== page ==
VFW to host blood drive Thursday

Libby’s VFW Post 1548  has scheduled an additional American Red Cross Blood Drive that will be held on Thursday, April 15.

Although the idea of a blood drive may seem strange during this time of social distancing, according to the American Red Cross (ARC), there is currently a severe shortage of blood since nearly 2,700 blood drives have been cancelled across the country recently. The cancellations have resulted in 86,000 fewer blood donations because of coronavirus concerns. Nearly 80% of the blood Red Cross collects comes from blood drives such as this one making it an essential activity that could help save lives. Blood is essential for healthcare during surgeries, cancer treatments, and to replenish patients with other chronic illness, and traumatic injuries.

Coronavirus is not believed to be transmittable through blood transfusion. According to’s COVID-19 information, “In general, respiratory diseases are not known to be transmitted by blood transfusion and there have been no reported cases of transfusion-transmitted blood.”

New measures will be implemented at drives, according to ARC’s website. These include checking staff and donor temperatures, providing hand sanitizers, spacing beds, and increasing enhanced disinfecting of equipment.

The VFW’s Facebook posts states that anyone interested in donating should message Jule Mason. The VFW’s phone number is 293-7316.

In order to donate blood individuals need to bring a blood donor card, a drivers license, or two other forms of ID.

You must also weigh at least 110 pounds and be in generally good health to donate. There are separate criteria for high school students interested in donating.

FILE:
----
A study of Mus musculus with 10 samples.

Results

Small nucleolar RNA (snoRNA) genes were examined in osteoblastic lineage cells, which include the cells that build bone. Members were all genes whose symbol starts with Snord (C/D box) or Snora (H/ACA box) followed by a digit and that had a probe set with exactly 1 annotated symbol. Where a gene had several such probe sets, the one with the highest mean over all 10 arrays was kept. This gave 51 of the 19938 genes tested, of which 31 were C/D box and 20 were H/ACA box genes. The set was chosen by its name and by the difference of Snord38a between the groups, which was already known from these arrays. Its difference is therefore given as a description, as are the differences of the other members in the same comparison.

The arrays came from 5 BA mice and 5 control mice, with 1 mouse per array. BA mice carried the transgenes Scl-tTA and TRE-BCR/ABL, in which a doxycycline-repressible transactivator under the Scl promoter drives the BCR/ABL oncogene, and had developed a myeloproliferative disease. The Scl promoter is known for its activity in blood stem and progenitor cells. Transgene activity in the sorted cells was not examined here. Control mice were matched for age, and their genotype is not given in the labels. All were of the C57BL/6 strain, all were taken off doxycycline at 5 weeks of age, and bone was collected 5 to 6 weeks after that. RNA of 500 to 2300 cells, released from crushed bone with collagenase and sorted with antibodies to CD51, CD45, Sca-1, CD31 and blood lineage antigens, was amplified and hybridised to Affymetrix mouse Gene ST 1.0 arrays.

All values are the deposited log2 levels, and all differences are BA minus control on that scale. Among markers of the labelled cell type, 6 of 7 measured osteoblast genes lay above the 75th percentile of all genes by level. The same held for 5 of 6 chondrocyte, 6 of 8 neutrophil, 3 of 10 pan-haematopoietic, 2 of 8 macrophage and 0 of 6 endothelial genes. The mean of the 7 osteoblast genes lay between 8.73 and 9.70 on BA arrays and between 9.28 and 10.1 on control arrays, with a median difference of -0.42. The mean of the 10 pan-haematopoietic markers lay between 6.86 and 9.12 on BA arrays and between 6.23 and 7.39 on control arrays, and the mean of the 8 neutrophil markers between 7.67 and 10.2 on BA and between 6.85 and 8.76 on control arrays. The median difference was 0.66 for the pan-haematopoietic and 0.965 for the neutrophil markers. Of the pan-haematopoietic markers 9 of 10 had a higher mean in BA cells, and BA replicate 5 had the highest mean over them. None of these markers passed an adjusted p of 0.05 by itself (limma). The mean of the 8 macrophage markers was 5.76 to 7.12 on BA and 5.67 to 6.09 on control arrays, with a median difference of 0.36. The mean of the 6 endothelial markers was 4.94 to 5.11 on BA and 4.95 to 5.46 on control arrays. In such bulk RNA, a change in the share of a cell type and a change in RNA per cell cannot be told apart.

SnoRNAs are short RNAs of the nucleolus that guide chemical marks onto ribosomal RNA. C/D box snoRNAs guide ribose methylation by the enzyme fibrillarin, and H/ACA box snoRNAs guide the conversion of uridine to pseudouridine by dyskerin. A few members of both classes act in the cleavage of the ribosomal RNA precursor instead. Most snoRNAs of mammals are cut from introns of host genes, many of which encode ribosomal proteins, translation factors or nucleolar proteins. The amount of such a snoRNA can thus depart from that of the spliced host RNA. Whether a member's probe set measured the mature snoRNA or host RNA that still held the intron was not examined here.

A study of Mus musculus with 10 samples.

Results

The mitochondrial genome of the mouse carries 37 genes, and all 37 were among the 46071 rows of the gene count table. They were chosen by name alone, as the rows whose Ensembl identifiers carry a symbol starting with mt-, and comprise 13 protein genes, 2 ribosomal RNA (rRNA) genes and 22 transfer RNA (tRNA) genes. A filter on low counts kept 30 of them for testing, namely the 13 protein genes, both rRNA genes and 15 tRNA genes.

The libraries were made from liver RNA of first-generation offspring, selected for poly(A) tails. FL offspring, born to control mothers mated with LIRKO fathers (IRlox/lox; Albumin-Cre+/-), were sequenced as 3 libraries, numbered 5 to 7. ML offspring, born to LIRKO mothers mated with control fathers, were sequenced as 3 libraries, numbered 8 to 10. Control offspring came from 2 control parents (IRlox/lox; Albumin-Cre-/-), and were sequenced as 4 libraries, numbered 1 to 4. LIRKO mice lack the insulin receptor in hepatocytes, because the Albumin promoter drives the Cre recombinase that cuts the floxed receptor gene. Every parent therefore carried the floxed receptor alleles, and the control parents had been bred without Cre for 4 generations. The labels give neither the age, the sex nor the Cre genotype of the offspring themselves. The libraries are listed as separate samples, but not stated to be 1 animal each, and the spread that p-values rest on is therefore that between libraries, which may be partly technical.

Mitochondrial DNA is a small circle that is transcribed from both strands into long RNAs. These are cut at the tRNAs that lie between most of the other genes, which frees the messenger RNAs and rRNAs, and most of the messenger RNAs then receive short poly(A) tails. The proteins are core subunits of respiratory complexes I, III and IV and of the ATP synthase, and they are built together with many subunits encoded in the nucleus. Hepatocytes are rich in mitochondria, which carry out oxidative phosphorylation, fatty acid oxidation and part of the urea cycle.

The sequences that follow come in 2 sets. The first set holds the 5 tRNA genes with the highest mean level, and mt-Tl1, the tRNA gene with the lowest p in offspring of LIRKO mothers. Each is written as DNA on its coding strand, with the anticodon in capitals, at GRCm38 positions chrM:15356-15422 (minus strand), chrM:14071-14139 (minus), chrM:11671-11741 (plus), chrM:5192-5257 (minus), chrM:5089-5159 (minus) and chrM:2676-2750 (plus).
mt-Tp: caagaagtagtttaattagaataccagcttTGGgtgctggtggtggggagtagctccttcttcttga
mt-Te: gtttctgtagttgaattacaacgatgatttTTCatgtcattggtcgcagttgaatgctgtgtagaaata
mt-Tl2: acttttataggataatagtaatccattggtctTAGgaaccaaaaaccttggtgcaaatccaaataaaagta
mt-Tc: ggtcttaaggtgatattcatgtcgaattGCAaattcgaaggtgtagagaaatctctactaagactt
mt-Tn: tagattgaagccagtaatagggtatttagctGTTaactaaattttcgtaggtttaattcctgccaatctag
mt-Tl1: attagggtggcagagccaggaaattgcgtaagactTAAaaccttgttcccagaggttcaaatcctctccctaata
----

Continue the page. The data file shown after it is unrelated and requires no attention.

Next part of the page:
Approximately 36,000 units of red blood cells are needed everyday in the U.S. according to ARC.


By Tracy McNew, The Montanian

Local public health statistics as of April 12:

Persons tested in Lincoln County    343

Persons with negative results                         282

Test results still pending                                   54

Persons with positive results                                   7

Recovered                                               4

Deaths                                                       1

Hospitalizations                                    1 statistics as of April 12:

Persons tested in Montana 8,913

Persons with positive results 387

Recovered 169

Hospitalizations 22

Deaths 6


WHO statistics as of April 12:

U.S. cases 555,398

Worldwide cases 1,846,963

Worldwide deaths 114,101


Other Resources:

Lincoln County COVID-19 information hotline 293-6295 daily  8 a.m.- 8 p.m.

Montana suicide prevention life line 800-273-TALK (8255)

Montana Crisis Text Line Text “MT” to 741741 anytime


COVID-19 symptoms per CDC:

According to the Center for Disease Control, reported illnesses have ranged from mild symptoms to severe illness and death for confirmed coronavirus disease 2019 (COVID-19) cases.

These symptoms may appear 2-14 days after exposure

  • Fever
  • Cough
  • Shortness of breath

Anyone with symptoms that are not severe and who feels they need medical evaluation is asked to call ahead to the medical facility in an effort to protect others from possible exposure.

If you develop severe symptoms including the following emergency warning signs for COVID-19, get medical attention immediately. Emergency warning signs include:

  • Trouble breathing
  • Persistent pain or pressure in the chest
  • New confusion or inability to arouse
  • Bluish lips or face

Friday COVID cruise causes considerable congestion

On Friday April 10, Libby locals gathered for another round of COVID-19 cruising on Mineral Avenue in Libby. This week, Shauney Fisher donated her time to play music at the end the street. This week, herds of cooped up locals loaded into vehicles to relax and enjoy a short reprieve from stay at home orders. The cruise is a fun flashback to the past for many and it provides a much needed way to get out of the house, see friends, and maintain social distancing. Traffic was backed up for blocks and law enforcement officers had to direct traffic. Photo by Tracy McNew, The Montanian.